59 Seconds book cover

59 Seconds: Think A Little Change A Lot

Book Author: Professor Richard Wiseman

59 seconds is one of my favorite self-help books because it uncovers many hot self-help myths with science. Almost everything in it is backed by fascinating research; it also offers a bite-size action you can take to live happier, perform better, procrastinate less, improve your relationships and reduce your stress level. Frankly speaking, I found it a little dull to read this book at first but it got much interesting during my second read.

My Reading Notes

  • Having people list three things that they are grateful for in life or three events that have gone especially well over the past week, can significantly increase their level of happiness for about a month. This, in turn, can cause them to be more optimistic about the future and improve their physical health.
  • Research has shown that low self-esteem somehow causes materialistic tendencies, and materialistic also leads to an unsatisfied and unhappy life. To live a little happier, buy experience but not goods because the positive emotions you can get from the experience is longer (or forever). Besides, focus on giving rather than receiving to achieve long-term happiness.
  • The Franklin Effect – People like you more when they carry out a favor for you. However, the effect has it’s limitations and is more likely to work with small favors rather than more significant requests that either make people respond begrudgingly or, even worse, refuse.
  • The Pratfall Effect – The occasional slip-up can enhance your likeability. However, it is important to realize that the effect only really works when you are in danger of being seen as too perfect.
  • The Bystander Effect – The more people who are around when a person is apparently in need of assistance, the lower the likelihood of any one person actually helping. If you are unfortunate enough to require assistance, increase your chance of getting help by picking out a friendly face in the crowd, and be specific with your problem you have and assistance you need.
  • A large body of research now suggests that although visualization might make you feel good, the technique is, at best, ineffective. To achieve your aims and ambitions, there are four key techniques that will help you succeed: have the right kind of plan, make a public announcement to increase your level of commitment, focusing on the action and benefits, and reward yourself each step of the way.
  • People who visualize themselves taking the practical steps needed to achieve their goals are far more likely to succeed than those who simply fantasize about their dreams becoming a reality. Therefore, rather overly visualize yourself achieving your goals, visualize yourself doing.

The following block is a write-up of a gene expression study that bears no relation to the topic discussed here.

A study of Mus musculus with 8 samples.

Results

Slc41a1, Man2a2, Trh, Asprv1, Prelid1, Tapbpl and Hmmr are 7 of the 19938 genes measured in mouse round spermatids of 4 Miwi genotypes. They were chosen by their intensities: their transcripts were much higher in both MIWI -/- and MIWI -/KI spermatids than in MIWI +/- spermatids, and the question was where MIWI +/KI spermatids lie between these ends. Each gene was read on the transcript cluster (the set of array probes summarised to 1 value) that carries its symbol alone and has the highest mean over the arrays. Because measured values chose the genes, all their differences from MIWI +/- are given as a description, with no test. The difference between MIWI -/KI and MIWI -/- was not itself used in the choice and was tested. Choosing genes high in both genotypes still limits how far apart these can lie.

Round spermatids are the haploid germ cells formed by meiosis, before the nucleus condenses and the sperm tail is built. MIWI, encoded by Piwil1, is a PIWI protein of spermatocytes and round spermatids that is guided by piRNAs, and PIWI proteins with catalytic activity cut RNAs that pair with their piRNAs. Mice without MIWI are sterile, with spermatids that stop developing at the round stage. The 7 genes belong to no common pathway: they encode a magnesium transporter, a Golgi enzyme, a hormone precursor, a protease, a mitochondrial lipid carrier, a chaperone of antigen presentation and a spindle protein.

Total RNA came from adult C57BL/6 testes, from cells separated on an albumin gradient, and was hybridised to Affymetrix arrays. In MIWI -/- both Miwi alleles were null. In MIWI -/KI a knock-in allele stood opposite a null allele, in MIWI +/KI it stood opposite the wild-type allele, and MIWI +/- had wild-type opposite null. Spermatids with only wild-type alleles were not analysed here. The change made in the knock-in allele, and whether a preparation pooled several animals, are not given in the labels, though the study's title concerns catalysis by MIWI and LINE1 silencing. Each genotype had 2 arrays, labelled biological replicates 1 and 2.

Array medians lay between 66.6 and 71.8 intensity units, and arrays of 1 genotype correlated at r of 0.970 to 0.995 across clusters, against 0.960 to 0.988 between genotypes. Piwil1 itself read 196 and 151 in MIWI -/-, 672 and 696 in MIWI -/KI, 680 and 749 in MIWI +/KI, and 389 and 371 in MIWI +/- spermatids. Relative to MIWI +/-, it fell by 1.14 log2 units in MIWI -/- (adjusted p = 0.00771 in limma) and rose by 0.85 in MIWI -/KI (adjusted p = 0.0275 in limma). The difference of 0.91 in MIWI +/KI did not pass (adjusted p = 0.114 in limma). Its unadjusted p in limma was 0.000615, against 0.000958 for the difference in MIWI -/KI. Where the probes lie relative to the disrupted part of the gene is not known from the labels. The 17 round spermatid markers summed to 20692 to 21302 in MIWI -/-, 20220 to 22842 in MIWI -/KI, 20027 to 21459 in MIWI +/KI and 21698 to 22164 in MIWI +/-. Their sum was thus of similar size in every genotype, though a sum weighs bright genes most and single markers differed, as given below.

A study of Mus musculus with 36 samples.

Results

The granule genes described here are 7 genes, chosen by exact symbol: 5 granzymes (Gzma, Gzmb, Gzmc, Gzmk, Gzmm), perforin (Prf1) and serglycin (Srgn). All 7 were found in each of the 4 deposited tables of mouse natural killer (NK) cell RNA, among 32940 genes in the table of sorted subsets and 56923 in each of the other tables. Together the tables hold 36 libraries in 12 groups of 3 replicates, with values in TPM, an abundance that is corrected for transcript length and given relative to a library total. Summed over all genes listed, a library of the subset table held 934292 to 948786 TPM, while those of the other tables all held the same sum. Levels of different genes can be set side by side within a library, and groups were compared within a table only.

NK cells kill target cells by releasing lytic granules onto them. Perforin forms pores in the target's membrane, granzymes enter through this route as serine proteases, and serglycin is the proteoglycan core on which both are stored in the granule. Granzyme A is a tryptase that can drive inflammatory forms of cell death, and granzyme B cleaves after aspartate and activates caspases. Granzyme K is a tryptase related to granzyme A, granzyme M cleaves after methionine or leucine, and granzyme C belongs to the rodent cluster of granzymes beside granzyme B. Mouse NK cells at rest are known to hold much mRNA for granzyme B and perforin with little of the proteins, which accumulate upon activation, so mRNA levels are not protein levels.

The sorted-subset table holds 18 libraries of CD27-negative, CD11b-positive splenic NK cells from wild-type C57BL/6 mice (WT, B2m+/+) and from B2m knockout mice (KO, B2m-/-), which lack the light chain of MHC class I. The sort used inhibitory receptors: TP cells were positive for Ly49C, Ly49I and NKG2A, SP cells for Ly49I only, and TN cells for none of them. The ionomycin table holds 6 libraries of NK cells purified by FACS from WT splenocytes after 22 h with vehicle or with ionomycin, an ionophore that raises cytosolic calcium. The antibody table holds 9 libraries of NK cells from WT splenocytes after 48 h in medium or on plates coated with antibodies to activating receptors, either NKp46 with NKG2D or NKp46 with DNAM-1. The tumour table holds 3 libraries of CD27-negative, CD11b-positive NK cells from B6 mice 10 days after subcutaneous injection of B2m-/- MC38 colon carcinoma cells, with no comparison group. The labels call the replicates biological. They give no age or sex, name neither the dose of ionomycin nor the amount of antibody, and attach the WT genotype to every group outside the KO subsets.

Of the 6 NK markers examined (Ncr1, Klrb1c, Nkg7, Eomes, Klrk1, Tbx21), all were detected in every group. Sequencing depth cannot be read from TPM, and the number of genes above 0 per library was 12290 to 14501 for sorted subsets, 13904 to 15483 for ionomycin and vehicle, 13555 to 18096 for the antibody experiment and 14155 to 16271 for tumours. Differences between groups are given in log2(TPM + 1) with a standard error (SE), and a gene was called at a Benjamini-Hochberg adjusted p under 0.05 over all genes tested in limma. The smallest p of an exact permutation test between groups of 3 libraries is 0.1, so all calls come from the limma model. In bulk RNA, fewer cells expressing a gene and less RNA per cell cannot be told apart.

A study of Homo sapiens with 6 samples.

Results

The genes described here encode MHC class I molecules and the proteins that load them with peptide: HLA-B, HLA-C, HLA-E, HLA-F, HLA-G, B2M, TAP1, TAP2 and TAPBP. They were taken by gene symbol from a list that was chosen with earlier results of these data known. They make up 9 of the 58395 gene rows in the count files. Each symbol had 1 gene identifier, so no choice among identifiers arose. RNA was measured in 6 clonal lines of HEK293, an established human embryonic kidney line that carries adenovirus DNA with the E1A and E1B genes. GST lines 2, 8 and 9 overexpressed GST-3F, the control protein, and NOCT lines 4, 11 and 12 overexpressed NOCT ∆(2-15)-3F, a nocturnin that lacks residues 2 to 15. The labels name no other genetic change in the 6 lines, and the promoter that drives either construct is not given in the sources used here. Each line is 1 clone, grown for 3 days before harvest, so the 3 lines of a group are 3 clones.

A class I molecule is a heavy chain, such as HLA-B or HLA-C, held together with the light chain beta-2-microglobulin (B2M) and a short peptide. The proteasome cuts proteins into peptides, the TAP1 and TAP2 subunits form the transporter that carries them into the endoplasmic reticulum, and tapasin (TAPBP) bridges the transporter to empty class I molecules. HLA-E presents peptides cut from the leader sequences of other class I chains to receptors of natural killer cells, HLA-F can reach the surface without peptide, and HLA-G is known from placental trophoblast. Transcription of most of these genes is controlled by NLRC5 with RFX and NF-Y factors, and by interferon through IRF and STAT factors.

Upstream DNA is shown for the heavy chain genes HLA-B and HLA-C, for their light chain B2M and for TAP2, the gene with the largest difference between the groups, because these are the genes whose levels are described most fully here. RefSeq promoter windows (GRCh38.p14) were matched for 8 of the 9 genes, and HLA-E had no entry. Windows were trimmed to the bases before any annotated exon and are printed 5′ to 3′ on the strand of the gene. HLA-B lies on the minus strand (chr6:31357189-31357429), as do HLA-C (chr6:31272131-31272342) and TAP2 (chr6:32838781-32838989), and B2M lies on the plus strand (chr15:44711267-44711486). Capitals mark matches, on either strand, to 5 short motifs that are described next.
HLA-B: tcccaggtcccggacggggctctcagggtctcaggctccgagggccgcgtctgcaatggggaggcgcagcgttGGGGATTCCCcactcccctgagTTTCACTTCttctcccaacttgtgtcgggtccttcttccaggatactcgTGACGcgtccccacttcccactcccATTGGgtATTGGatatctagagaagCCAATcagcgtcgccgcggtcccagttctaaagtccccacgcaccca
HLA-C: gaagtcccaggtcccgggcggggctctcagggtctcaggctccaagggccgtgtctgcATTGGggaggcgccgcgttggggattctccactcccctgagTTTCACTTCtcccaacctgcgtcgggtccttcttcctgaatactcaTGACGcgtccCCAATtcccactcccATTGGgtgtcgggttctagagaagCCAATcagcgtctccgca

• Asking people to spend just a few minute imagining a close friend standing up at their funeral and reflecting on their personal and professional legacy helps them to identify their long-term goals, and assess the degree to which they are progressing towards making those goals a reality.
  • Many standard texts on creativity emphasize the value of relaxation. Genuine creativity can come from spending a few moments occupying your conscious mind. Everyone can be more creative; it is just a case of keeping the loud guy (conscious mind) in your head busy, and giving the quiet guy a chance to speak up.
  • When it comes to anger management, putting on the boxing gloves or punching a pillow are far more likely to increase, not decrease the feelings of aggression. Instead, it is possible to significantly reduce such feelings by focusing on the benefits that have risen such feelings by focusing on the benefits that have risen from the seemingly negative events underlying your anger.
  • Long-term couples will feel more attracted to one another when they regularly engage in novel and exciting joint activities which involve working together to achieve a goal. In another word, couples who face life’s foam obstacles together, stick together.
  • When it comes to the way we think and behave, negative events and experiences are far more noticeable and have a greater impact than their positive counterpart. With that said, for a relationship to succeed, the frequency of positive comments has to outweigh the number of negative remarks by about five to one.
  • To reduce regrets in decision making, adopt a “will do” attitude to the opportunity because most people tend to regret things they didn’t do. But if you do regret not doing something, see if there is anything you can do to remedy the situation. Finally, if it really isn’t possible to do anything to make things better, focus on the benefits of your “don’t do” to reduce the intensity of feeling regret.
  • Praising a child’s effort rather than their ability encourages them to try regardless of the consequences, therefore side-stepping any fear of failure. This, in turn, makes them especially likely to attempt challenging problems, find these problems more enjoyable, and try to solve them in their own time; rather than depend on their “talent”.

. . .

Amazon links: Print | Kindle Book | Audiobook

Love this reading note? I summarized every book I read, you can browse other books’ summaries here.